Another week, another improvement in fuel economy for the Kia Optima PHEV (‘Optima Prime’). Since the week before, plenty of short trips and warmer weather meant that electric-only mode has been deployed on pretty well every journey I’ve done in the last week. It’s the way the cookie crumbles, so to speak.
Part of the reason is that, like most motoring writers, I’ve had the use of another car this last week – the Mercedes E 350 e. Nonetheless, Optima Prime has proven itself to be the far superior plug-in hybrid and this is for several reasons.
Firstly; range. While the Mercedes officially can do 21-miles, it reports 16 when fully charged and only provides a real-world 8-miles. Whereas, the Kia officially does 32, reports 31 and actually achieves 31-real-world-miles. That’s a marked and impressive difference, especially considering the two cars both work using similar technology; i.e. the electric motor drives through the gearbox. The Kia has a 10kWh battery, while the Merc has just 6.2kWh. Real-world miles/kWh works out as 3.1miles/kWh for the Kia and a pitiful 1.29miles/kWh for the Mercedes-Benz.
Unfortunately, this also means that it is actually more expensive to drive electric than petrol miles in the Mercedes-Benz. A little maths, for those who’re interested… 16 pence per unit electricity fills the Merc’s 6.2kWh battery for £0.99 and you can travel 8-miles (12 pence/mile). At 44mpg (the average obtained over a week of varied driving) translates as 1-litre of fuel you can travel 9.69-miles, which currently costs £1.12 at my local forecourt. So, to travel 8-petrol miles that’s 92 pence (11 pence/mile).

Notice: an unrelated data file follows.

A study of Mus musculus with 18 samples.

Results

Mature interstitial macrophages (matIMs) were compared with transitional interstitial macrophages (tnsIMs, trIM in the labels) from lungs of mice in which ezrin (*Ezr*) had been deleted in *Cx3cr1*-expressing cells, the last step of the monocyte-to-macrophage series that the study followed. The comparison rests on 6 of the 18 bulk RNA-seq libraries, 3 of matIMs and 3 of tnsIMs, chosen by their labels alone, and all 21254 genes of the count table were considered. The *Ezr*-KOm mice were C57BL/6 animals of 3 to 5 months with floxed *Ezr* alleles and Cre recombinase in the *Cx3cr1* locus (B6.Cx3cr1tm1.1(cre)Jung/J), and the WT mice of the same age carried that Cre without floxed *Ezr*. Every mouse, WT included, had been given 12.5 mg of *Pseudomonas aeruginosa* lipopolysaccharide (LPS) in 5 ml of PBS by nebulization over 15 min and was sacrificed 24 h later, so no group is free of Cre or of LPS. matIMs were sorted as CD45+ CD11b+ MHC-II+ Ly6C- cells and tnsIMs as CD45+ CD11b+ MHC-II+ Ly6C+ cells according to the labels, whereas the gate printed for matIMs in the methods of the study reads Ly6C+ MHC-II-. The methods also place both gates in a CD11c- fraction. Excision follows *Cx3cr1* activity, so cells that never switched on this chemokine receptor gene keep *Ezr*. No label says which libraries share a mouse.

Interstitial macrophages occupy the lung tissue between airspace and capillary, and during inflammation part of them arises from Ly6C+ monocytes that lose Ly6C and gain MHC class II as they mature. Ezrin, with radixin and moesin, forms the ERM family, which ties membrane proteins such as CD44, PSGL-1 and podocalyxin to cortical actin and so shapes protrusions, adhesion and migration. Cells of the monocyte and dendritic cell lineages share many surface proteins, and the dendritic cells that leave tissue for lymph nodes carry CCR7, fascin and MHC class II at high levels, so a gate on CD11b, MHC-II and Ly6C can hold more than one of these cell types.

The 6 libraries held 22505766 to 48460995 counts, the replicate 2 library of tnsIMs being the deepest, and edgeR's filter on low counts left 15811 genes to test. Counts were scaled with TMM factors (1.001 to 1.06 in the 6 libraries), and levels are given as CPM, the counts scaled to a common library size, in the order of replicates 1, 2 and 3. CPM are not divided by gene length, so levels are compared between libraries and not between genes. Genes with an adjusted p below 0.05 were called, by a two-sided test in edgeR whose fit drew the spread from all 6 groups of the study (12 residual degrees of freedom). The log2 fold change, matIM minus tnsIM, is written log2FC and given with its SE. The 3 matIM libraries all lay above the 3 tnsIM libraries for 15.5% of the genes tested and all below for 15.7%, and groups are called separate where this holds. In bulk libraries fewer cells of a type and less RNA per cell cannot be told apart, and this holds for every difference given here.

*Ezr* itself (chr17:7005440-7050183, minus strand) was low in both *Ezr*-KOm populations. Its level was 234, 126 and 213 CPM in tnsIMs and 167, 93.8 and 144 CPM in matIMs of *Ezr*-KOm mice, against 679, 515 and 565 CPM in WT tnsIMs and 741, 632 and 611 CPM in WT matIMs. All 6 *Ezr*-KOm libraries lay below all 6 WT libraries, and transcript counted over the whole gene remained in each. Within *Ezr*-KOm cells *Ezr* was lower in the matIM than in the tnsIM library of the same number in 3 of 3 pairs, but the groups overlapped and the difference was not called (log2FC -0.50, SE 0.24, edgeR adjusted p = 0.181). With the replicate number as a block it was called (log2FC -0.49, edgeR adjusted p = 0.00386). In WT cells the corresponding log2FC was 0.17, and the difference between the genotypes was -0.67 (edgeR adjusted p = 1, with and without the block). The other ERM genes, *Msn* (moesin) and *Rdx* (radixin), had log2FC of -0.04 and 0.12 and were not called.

That’s right, it is cheaper to run on petrol than electricity in the Mercedes. And that’s a huge shame.
Returning to the Kia and applying the same mathematical logic, electric miles cost 5 pence/mile and petrol miles – so far – have cost 6.8 pence/mile. While that doesn’t seem like a huge difference, the Kia is more than half the price of the Mercedes to run in electric mode. Those same 8-miles in the Kia cost 41 pence compared to 99 in the Merc.
However, in fairness to both cars they’re not really designed to be run in these linear modes, ‘petrol or electric’ and should instead be, ‘petrol AND electric’. But this is all the more easy in the Optima PHEV, which can run 387.5% further on electric power.
Nevertheless, regarding how they drive the Optima PHEV offers by far the superior electric experience. Whereas the Mercedes feels heavy and slow off the mark, the Kia is keen to shoot forwards like a rocket from the get-go, which makes it less tiring and more predictable to drive in traffic. Likewise, the Mercedes – despite its haptic feedback throttle pedal – is all-too keen to start its petrol engine, whereas the Kia stubbornly sticks in EV-Mode unless you really stamp the throttle.
They’re chalk and cheese in many ways and of course, these two cars don’t compete against each other and purport to offer different things to different customers, but in terms of their plug-in hybrid abilities, the Kia is superior without question.
And I still have half a tank of petrol remaining.